To Romans who know the Pope's personal fondness for moving with dispatch, it was a revealing utterance. At the age of 80, His Holiness still takes a commanding interest in the manner in which he is driven between the Vatican and his summer home at Castel Gandolfo—a fairly sporty course of 17 miles or so, which the Pope likes to cover at no less than an average of 55 mph. On the way, the Pope has been known to cradle a stop watch in his hand, ticking off the landmarks and urging his chauffeur up to pace.
UP FROM OLANTA
The record books will show that the Boston Red Sox won their opener 8-1 and that in it a rookie shortstop named Buddin made two hits. After the game Donald Thomas Buddin, 18 days shy of 22, sat quietly in front of his locker.
He was sipping, with obvious unfamiliarity, on a bottle of beer and trying to appear casual. But like rookies immemorial who have passed the first test, Buddin was not succeeding.
For one thing, a photographer circled him busily, clicking his shutter. Don tried not to notice. For another, reporters were gathering for their inevitable questions. For yet another, the narcotic of nervous tension was wearing off and he was slightly jittery.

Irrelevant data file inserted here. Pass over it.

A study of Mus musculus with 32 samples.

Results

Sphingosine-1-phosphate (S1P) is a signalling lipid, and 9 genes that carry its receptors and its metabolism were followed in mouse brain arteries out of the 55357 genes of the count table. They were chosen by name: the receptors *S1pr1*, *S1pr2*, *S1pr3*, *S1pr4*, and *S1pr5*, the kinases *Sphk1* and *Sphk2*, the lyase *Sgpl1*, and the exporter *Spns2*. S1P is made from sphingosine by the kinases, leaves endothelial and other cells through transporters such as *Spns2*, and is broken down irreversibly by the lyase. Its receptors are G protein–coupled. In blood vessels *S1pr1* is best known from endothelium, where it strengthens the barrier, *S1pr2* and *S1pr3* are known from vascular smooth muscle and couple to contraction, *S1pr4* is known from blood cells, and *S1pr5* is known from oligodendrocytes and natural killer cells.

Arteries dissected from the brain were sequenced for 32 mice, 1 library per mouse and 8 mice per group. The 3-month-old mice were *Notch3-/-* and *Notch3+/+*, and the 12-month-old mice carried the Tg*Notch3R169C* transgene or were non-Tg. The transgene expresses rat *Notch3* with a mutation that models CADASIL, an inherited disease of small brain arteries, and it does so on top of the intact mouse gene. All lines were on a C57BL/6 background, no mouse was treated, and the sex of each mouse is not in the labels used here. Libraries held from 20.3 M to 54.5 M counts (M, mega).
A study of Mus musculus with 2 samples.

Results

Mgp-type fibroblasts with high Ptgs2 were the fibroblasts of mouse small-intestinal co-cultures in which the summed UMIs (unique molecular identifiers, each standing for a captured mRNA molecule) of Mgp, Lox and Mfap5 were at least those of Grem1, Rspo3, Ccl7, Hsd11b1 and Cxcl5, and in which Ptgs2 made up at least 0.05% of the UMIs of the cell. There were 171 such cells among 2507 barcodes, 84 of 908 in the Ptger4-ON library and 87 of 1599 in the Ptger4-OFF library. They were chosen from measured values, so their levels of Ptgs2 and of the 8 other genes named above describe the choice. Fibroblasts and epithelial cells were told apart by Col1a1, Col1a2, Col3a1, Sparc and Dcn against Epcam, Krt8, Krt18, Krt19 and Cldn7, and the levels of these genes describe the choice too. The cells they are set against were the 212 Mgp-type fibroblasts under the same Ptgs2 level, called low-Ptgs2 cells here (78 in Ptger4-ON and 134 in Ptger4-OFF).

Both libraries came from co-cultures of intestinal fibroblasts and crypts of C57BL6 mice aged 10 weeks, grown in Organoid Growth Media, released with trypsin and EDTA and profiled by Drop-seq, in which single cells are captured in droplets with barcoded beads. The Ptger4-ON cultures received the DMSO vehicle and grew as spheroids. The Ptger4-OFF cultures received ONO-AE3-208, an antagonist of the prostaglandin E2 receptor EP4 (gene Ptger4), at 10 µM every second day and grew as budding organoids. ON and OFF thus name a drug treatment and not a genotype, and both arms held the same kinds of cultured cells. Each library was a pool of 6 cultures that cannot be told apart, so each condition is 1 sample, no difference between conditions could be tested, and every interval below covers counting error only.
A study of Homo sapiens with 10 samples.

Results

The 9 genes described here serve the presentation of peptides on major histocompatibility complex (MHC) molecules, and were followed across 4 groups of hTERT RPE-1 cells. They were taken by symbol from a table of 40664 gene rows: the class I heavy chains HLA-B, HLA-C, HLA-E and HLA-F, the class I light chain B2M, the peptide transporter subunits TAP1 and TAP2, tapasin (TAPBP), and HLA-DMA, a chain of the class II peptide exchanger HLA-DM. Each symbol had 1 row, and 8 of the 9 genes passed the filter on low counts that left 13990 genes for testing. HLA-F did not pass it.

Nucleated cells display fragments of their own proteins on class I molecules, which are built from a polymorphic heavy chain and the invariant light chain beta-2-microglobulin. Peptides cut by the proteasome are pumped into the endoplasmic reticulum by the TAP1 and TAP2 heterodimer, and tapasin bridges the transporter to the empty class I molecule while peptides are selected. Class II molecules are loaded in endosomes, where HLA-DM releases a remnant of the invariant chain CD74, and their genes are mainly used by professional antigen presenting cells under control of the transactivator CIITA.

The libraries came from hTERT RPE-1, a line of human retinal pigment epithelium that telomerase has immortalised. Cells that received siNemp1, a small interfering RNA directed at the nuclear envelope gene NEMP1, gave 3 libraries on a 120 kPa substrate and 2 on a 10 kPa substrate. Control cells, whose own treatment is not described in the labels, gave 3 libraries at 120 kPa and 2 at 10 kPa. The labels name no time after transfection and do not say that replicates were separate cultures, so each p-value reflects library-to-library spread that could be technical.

Most of all, he was just too pleased with himself to be casual. And why not? He was a big league shortstop for Boston, all the way from Olanta, S.C. to the big leagues. There never again would be a day quite like this for him, and he meant to enjoy it. He caught the cameraman out of the corner of his eye and preened, just a bit.
"Don," a man said, "it looks like you're getting the full treatment right from the start."
This broke the spell. Don laughed nervously, glad of the chance.